LET'S GET SERIOUS HERE. Making video games always seems like the dream job: be creative, get the world addicted and get paid for it. But is it really that easy?
Turns out, it actually might be, as the INQUIRER found out when we went to a showcase of Microsoft's upcoming [email protected] indie games content and asked the developers on the scene lots of difficult questions.
Our two interviewees had sufficiently different stories. Joe Brammer is straight out of Derby University with an animation degree and is executive producer at Bulkhead Interactive, developer of the soon to be released Portal-alike The Turing Test and Kickstarter-born Call of Duty-botherer Battalion 1944.
Phil Duncan, meanwhile, is one half of two-man outfit Ghost Town Games along with Oli De-Vine, and spent seven years at David 'Elite' Braben's Frontier Developments. He is working on a cutesy co-op cooking game called Overcooked.
Here are Brammer and Duncan's top six pieces of advice on going it alone and making the games you want to make.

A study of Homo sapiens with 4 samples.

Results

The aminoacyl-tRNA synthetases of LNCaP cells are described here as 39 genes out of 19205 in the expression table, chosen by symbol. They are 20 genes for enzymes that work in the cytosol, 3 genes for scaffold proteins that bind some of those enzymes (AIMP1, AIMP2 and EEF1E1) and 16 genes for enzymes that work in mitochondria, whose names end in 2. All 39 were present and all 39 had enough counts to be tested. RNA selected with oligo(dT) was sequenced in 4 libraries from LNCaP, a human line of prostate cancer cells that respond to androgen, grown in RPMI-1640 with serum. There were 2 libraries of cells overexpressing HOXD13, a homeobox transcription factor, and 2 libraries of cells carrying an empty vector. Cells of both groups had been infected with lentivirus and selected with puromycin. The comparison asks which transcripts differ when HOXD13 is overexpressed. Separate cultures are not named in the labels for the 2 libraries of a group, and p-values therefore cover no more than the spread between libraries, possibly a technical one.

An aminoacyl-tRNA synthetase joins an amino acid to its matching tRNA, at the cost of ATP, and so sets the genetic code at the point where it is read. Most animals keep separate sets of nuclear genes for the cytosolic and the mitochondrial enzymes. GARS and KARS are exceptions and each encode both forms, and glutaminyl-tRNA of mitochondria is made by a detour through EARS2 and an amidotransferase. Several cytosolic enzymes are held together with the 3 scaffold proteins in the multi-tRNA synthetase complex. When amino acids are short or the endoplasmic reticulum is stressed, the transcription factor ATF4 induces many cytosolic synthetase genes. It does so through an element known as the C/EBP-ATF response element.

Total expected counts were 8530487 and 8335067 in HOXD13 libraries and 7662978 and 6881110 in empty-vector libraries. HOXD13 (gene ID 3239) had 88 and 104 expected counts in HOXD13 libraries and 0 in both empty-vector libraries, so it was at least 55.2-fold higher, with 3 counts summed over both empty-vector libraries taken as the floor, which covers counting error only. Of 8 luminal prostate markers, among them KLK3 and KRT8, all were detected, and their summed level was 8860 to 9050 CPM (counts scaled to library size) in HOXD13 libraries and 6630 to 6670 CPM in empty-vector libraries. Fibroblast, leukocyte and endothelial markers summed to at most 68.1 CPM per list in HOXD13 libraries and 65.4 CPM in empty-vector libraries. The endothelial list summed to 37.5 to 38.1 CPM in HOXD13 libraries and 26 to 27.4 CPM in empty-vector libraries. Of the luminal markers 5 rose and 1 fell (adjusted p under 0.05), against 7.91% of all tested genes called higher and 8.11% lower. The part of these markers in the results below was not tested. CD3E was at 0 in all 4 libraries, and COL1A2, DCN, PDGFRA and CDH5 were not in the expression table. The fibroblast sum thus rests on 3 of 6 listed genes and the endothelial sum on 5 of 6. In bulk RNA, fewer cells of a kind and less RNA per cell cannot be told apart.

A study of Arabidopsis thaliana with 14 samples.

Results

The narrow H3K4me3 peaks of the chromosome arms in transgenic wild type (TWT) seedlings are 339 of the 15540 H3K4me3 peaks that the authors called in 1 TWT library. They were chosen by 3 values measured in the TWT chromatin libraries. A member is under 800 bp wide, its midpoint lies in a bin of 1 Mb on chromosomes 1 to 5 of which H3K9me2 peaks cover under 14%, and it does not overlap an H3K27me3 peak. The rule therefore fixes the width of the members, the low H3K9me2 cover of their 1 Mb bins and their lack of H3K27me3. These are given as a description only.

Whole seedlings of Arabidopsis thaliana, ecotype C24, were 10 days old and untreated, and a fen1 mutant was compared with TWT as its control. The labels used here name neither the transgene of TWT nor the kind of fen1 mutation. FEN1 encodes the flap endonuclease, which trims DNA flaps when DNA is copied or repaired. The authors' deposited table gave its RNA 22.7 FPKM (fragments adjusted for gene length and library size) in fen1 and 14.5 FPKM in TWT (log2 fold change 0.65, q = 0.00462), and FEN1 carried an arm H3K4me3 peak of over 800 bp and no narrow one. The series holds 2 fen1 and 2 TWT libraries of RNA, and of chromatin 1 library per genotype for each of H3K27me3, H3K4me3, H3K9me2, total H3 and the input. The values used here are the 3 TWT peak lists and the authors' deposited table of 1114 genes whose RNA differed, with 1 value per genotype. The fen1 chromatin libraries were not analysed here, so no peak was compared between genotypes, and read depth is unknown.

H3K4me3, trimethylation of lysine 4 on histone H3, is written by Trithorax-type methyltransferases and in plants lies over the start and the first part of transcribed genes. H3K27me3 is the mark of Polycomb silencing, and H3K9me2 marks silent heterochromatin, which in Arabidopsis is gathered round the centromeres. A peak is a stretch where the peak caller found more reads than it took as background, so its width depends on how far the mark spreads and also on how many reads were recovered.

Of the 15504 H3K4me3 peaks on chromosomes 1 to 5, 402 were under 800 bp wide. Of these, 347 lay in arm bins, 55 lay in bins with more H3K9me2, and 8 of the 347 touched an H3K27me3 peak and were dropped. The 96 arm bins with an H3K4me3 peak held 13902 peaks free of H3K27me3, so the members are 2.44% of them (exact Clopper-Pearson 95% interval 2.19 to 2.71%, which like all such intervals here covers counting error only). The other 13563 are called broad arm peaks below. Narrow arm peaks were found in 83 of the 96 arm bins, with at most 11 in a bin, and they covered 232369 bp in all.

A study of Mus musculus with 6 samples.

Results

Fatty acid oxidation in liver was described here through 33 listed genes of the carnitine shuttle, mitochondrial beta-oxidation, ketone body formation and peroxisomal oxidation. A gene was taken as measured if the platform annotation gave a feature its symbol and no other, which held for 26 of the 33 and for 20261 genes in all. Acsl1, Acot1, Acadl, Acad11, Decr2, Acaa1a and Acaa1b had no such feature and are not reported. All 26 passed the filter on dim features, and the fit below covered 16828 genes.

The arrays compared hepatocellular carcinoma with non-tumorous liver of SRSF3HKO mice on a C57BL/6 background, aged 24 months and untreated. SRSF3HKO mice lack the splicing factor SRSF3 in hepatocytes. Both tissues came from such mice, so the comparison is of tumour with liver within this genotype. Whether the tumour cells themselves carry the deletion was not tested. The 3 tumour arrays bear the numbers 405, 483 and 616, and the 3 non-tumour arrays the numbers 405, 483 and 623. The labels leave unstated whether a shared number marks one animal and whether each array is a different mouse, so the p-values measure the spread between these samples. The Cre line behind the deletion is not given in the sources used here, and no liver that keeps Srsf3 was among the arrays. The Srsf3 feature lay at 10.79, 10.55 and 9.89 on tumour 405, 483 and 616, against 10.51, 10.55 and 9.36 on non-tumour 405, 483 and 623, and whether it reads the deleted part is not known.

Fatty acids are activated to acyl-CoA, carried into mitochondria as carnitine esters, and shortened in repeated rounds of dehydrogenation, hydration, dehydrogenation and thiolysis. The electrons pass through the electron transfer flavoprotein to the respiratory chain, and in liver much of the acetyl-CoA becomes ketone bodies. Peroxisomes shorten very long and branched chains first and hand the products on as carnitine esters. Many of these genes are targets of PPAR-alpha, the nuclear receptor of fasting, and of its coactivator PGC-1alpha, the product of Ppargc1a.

Have an idea, and be ready to prove it
"You can't just turn up out of the blue and say: 'I've got an idea for a game.' We took an early prototype of Overcooked. It was about wanting to make a co-op-based game.
"You see games take different approaches, and how the disciplines break down. Sometimes you'll see a small studio that's had a lot of experience with, say, art and the game's beautiful, and it doesn't so much matter if the core ideas aren't particularly unique because it'll still stand apart.
"If you boil down Ico it's a game about pushing blocks, but the world is such a wonderful place to be."
Slightly further along the line as a fledging developer, a good idea makes it possible to launch a successful Kickstarter, even with only one small game under your belt.
Moving from first-person puzzler Pneuma, which "cost nothing to make" and picked up mediocre reviews at best, Bulkhead Interactive raised over £300,000 to take on Call of Duty's multiplayer shooter crown.
"We basically said we wanted to take what they did in those classic shooters, but it's not about doing World War II, it's about making a balanced game, about simplifying a shooter and remembering why it's fun, because you can just shoot the shit out of each other," said Brammer.
"People love sniping, right? So it's just about taking the scope off and adding an iron sight.
"If you've seen the Infinite Warfare trailer and read the comments, there's a massive core of people saying: 'Ah, it's all about Battlefield and Battalion for me. Call of Duty's dead.'
"But the irony is that we were inspired by Call of Duty II and Call of Duty I, so we'd be nowhere without them."